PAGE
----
Christopher Columbus statue in NYC could be considered for removal


In 1492, Columbus sailed the ocean blue but, in 2017, he may be deported from New York City.

"We have to look at everything here", said de Blasio during a debate on August 23.

He announced its creation after deadly violence erupted in Charlottesville, Va., when white supremacist groups clashed with protesters around the removal of a statue of Confederate Army Gen. Robert E. Lee.

The fact that his outlandish claims in a 1992 article on Columbus - published by Anarchist magazine - now pass for political discourse in the city is not worthy of NY.

"It's Columbus today and who knows who will be on this secret list tomorrow", Joe Borelli, the councilman for New York's Staten Island borough, said.

Italian American lawmakers and civic leaders rallied Thursday in support of the Christopher Columbus statue that towers over Columbus Circle as New York City officials continue to weigh the removal of controversial statues and monuments.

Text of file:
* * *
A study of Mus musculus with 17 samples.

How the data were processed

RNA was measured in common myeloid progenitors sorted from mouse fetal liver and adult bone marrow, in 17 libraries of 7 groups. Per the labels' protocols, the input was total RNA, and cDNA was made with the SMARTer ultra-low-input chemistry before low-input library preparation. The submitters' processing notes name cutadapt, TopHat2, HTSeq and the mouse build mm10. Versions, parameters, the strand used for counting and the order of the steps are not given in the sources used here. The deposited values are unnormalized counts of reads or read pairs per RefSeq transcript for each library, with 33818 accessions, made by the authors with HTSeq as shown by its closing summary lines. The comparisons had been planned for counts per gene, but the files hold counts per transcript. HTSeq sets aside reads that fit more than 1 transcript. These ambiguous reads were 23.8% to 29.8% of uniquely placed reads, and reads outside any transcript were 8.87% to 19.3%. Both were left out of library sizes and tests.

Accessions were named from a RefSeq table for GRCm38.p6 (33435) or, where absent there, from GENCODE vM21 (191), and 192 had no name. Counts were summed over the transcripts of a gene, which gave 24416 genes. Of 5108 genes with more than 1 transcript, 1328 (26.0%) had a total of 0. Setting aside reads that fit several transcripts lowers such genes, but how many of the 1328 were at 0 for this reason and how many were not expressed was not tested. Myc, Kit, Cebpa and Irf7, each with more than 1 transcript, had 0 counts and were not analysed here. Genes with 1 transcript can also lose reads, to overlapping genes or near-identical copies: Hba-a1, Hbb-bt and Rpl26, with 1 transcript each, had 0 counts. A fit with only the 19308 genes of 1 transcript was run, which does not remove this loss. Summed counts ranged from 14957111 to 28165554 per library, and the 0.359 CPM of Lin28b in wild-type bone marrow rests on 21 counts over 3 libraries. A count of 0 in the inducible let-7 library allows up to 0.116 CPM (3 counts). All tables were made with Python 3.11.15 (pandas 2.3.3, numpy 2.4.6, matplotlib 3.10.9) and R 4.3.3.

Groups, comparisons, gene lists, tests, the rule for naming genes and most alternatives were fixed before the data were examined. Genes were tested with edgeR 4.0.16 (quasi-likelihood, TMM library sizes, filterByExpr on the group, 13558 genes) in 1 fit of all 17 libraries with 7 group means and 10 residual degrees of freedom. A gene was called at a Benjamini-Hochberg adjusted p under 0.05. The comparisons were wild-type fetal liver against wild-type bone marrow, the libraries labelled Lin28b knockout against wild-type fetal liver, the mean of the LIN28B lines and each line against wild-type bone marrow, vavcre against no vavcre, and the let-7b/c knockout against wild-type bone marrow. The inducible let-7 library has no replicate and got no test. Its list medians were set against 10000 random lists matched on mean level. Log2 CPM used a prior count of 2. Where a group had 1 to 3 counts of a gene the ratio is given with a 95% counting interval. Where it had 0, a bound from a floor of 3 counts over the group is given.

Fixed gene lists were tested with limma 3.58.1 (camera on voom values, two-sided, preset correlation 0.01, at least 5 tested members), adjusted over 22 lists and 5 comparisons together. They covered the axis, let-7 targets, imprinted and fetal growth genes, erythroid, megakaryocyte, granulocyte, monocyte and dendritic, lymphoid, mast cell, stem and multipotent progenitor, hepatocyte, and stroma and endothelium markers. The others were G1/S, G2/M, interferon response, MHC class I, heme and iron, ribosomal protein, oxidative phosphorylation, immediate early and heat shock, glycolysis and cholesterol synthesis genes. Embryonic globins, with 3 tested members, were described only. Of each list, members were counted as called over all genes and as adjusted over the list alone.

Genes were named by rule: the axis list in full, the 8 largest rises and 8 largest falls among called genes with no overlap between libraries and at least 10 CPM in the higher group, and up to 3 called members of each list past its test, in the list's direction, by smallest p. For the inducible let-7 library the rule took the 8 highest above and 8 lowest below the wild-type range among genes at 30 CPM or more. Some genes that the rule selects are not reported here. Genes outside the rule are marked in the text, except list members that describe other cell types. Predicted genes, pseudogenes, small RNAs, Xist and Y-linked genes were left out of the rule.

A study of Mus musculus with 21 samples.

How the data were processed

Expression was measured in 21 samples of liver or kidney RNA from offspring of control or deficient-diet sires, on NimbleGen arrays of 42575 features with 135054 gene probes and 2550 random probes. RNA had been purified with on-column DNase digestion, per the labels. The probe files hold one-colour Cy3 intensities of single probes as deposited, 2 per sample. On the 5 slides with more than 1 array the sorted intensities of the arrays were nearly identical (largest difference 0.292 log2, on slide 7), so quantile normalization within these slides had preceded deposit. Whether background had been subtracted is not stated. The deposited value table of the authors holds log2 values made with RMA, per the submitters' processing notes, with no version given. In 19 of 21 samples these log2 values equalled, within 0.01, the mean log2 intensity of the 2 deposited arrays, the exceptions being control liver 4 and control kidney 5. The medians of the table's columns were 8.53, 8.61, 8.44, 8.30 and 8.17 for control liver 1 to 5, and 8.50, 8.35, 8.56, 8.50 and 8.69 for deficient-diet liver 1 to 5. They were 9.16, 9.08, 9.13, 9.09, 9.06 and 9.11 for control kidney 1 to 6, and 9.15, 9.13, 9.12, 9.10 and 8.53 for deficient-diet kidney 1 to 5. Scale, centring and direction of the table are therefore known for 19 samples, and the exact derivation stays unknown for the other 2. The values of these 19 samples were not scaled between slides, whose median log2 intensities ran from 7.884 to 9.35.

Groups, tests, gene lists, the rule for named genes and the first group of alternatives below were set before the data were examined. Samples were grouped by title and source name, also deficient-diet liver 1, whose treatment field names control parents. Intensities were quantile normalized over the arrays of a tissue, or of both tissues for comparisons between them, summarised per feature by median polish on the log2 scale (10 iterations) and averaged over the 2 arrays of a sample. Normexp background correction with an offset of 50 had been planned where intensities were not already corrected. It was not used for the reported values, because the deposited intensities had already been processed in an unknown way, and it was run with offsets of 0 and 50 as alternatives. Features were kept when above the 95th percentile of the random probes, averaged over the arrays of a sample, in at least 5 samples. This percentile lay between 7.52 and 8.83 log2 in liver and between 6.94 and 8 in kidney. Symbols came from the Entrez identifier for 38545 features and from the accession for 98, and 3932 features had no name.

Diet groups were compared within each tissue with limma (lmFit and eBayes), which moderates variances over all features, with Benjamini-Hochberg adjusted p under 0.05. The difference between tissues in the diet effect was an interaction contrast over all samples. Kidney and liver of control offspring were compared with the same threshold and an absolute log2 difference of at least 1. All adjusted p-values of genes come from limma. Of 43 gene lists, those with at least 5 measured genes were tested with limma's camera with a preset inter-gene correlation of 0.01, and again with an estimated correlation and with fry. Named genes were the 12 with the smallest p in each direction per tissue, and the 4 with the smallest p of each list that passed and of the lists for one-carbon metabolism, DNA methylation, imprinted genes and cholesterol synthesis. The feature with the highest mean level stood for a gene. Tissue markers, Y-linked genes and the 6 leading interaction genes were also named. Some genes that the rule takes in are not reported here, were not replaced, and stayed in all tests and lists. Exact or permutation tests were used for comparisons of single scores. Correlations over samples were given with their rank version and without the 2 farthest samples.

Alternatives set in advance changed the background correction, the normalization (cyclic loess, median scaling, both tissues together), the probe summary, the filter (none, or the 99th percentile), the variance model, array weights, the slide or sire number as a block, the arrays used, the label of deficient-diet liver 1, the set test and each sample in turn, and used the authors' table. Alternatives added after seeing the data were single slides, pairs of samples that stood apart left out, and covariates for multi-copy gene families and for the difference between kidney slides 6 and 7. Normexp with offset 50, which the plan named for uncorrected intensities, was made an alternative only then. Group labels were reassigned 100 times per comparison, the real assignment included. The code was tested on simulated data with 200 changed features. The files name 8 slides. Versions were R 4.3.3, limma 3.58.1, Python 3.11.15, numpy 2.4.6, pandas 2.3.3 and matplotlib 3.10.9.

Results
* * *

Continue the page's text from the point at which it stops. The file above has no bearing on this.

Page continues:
"Christopher Columbus is a controversial figure for many of us, particularly those that come from the Caribbean", Mark-Viverito said, adding she will wait for the commission to weigh in. "We have to create a box where we gauge everyone and say what are the redemptive things that you've done, and do they outweigh some of the craziness that you have?" He discovered our land and generations of Italian-Americans helped build NY.

While he is one of the first Europeans to reach the Americas, critics of the explorer cite his cruel treatment of native peoples as well as his role in the slave trade.

Oh, and Christopher Columbus is not just a target in NY.

De Blasio is working to form a task force that will evaluate each memorial, and he hopes to create criteria for the erection of future statues.

As CBS2 Political Reporter Marcia Kramer explained, the Great Kills National Park on Staten Island might not be as tony a neighborhood as Manhattan's Columbus Circle, but congressman Dan Donovan said it would make a great home for the statue of Christopher Columbus.

"Nobody's talking about the Native Americans".

"I'm an Italian American, Italian Americans have [for] a long time been taught to be proud of Columbus, there's a lot to not be proud of as well", he said, according to CBS.

Spurred by the events in Charlottesville, Baltimore's mayor ordered the quiet removal of the city's Confederate statues last week. "And I promise you on Election Day, we will remember who is attacking Italian Americans".